Good Gardening: Perfection
My lettuce is bolting, the cabbage is cracking, and the raspberries are half sun scorched. My garden is perfect - because I have realistic standards.
If you are new to gardening, you may be comparing your home grown produce to the stuff you get in a supermarket. The outer leaves of the store lettuce were thrown away so you wouldn't have to deal with a few holes, slightly yellow leaves, or the nutrients - which are higher in the outer leaves.
If holey lettuce or cabbage bothers you, just cut the holes out before you eat. But more importantly ask yourself how many of us came to find the look of our vegetables more important than the taste. The Master Gardener Hotline often gets a call about a problem with a plant. A photo from the caller shows a healthy trellis of beans with one shriveled leaf.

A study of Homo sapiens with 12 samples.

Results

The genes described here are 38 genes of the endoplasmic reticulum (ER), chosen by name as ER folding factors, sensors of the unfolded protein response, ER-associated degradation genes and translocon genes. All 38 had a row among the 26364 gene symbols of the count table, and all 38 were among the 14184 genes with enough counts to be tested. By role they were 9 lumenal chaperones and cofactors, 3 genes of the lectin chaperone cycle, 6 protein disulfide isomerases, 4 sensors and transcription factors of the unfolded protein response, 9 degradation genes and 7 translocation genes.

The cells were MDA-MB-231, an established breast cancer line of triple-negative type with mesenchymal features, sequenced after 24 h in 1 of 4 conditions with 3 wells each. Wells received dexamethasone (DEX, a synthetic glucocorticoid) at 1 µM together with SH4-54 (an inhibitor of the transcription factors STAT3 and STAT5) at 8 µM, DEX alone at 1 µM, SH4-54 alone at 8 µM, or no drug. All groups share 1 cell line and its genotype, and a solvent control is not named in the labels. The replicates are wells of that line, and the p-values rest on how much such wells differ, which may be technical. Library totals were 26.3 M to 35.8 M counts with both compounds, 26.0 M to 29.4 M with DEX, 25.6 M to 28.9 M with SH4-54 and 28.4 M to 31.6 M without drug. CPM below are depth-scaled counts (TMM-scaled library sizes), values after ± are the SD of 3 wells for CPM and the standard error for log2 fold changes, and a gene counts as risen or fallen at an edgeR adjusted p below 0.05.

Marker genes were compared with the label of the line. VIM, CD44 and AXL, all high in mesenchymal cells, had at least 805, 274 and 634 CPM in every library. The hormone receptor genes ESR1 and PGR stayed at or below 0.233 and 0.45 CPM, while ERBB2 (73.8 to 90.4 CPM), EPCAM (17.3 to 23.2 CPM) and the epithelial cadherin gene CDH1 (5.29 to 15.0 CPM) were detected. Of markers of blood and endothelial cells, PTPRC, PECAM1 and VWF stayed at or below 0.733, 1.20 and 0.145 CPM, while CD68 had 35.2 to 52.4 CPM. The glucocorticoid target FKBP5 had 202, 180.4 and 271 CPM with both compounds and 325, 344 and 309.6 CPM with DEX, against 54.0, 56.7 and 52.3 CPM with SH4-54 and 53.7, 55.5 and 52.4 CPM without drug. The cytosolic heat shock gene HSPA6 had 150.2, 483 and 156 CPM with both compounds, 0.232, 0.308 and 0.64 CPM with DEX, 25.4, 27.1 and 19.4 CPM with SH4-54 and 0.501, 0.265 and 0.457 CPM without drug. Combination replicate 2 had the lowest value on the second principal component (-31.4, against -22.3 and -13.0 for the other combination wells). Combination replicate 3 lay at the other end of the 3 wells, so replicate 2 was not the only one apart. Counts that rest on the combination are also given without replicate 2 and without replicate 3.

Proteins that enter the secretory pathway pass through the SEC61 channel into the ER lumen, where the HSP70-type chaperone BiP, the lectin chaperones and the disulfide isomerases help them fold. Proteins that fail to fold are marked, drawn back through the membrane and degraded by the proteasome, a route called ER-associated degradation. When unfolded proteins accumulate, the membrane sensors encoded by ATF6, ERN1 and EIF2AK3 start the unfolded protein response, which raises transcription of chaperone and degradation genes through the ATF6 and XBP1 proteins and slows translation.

That may be the sign of a larger problem - it's worth investigating, but leaves die, fuhgeddaboutit!
Once you've grated up a three stemmed carrot it tastes the same as three one stemmed carrots. You will find triple trunks in your garden, but never in the store.
When you raise your own vegetables, you get used to the variety of shapes and sizes that beets, potatoes, and beans come in. And ideally you learn that store bought or farmers produce is still good, and good for you even if it doesn't look like the picture in the supermarket advertisement.
Growing "perfect" (did you hear my air quotes) vegetables often involves the use of toxic pesticides and chemical fertilizers. Some insect damage is inevitable. Is exposure to pesticides for the environment, the farm workers, and eventually yourself worth the risk?
There is a company called Imperfect Produce that boxes up the unusual shapes- mostly grown in California- and ships it around the country. The produce is fine and sells because of its shape. You already have a supply in your garden, and it comes with free shipping. (watering, harvesting, cleaning and cooking not included).
I'm John Fischer with KLCC's Good Gardening.